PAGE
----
Shell Canada’s last CEO opines on leadership, faith and values in today’s business climate

Editor-in-Chief Mark Wolfe and AO contributor Paul Nelson spoke to Mr. Mather on his last day at Shell Canada Limited

July 03, 2007


AO: It seems to me that the strong emphasis in your time as Shell Canada’s president and CEO was on communication, and that employees especially saw this in your town hall meetings, in speeches and how you just treated people. How do you regard communication in business?

CM: I’ll start by talking about communication in terms of context. When I arrived at Shell Canada, the context of Alberta was twofold. (Shell) struck me as a Canadian public company that was not punching its weight – my words. I felt there was a lot more potential in the company than had been realized. Of course, Shell Canada, like many companies, had had ups and downs, and at one point had survived only by some remarkable refocusing around fundamentals and cost cutting. I admire the leaders who did that – they got through it and created a very efficient company. But in the process, the company lost perhaps some of its vision and capacity because its recent experience was on the downside.

My second take on context is Alberta itself. If there’s one place in the whole world you want to invest, it’s Alberta. This place has gone through being an admirable but not particularly sexy province to being Top of the Pops. I mean, everybody’s now heard of Alberta, they know it to be beautiful, they’ve heard of its Western values and the Calgary Stampede. People may had even heard of the Athabasca Oil Sands but very few suddenly thought, ‘Crikey, in Alberta, we have in effect as many hydrocarbons as does Saudi Arabia.’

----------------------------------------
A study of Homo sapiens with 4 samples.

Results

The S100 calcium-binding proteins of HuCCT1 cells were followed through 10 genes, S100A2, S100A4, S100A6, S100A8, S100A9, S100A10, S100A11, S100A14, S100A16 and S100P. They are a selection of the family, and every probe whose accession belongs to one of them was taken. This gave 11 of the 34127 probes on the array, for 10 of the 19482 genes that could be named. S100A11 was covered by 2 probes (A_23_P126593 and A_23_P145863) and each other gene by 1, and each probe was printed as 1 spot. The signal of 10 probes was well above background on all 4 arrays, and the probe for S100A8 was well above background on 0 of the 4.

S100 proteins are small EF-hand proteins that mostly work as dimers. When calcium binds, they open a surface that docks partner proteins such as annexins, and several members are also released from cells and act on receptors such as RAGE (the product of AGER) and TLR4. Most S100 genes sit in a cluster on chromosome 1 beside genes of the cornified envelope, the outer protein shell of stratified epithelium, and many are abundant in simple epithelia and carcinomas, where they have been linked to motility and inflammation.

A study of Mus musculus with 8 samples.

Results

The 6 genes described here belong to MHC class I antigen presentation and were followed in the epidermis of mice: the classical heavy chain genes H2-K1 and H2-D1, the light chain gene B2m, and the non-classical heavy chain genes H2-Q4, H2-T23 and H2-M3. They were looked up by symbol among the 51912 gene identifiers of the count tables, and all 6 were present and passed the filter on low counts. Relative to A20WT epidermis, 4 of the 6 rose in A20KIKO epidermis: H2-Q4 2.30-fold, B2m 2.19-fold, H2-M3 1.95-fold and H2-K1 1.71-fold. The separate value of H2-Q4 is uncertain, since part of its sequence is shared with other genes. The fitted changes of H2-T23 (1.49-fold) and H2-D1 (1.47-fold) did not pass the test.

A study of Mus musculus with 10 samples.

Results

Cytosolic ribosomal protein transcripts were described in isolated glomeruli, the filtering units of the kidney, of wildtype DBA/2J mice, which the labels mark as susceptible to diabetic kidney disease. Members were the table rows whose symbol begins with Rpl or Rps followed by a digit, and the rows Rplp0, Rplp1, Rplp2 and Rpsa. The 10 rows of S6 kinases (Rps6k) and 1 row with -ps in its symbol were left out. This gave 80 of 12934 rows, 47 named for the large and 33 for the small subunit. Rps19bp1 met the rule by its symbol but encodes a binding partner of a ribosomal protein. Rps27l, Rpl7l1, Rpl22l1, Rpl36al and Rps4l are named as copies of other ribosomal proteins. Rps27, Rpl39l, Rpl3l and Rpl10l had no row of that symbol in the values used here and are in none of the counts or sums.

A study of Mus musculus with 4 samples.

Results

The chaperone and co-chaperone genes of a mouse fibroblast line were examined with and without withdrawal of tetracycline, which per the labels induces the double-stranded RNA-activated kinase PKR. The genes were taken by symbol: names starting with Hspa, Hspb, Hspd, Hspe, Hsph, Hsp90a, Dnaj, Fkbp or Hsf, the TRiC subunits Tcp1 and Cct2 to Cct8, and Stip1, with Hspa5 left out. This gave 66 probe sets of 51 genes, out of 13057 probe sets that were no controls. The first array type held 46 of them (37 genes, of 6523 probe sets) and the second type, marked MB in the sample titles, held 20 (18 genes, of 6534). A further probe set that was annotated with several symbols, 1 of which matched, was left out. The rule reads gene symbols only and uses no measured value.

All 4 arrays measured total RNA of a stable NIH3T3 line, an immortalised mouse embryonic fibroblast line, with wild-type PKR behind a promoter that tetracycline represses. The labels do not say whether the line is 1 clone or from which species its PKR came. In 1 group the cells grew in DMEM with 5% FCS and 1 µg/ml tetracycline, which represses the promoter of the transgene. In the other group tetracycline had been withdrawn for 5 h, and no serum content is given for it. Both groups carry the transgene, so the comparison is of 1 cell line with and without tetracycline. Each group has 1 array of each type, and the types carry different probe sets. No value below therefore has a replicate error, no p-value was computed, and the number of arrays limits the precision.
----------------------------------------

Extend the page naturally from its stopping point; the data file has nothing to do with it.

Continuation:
And the third shift was: we need the hydrocarbons because conventional supplies are beginning to run out or proving difficult to recover. Then prices have risen on the back of the demand/supply imbalance to make these resources economic to produce. And perhaps most importantly, people have begun to rank security of supply almost ahead of everything else, and so if you go to the States or Europe, people there frankly have become very worried about relying on their partners for energy. By contrast, Alberta is secure: litigations here are remarkably low, your word is your bond, there’s a great infrastructure of roads and schools and hospitals and airports, etc. By my business standards, it doesn’t get much better than this.

On the other hand, I also felt Shell Canada was capable of more. For me, it was, ‘Hey, man, let’s go.’ I’ve always made the point that downsizing is emotionally difficult but intellectually easy. It’s pretty damn easy to figure out what you have to do. You cut the budgets, you refocus. Growth, on the other hand, is emotionally uplifting but intellectually much more difficult because you’ve got to be careful you don’t grow faster than your ability to control the outcome. You can’t get reckless with capital. Clearly, a major way to effect this growth is through communication – that was the lever to pull.

I’m an extrovert – I enjoy talking to people. I try hard to relate to people all through an organization and I’ve done that in all situations where I’ve been. The big difference here when I came was I used a lot of ‘outside in.’ Shell Canada people may associate me with our town halls and visiting all of our folks at the various operations. But what I really tried to do was to be more visible to the public externally so the message came from the outside in. When most people pick up their morning newspaper, they believe what they read there far more than what they believe through internal communications in their company.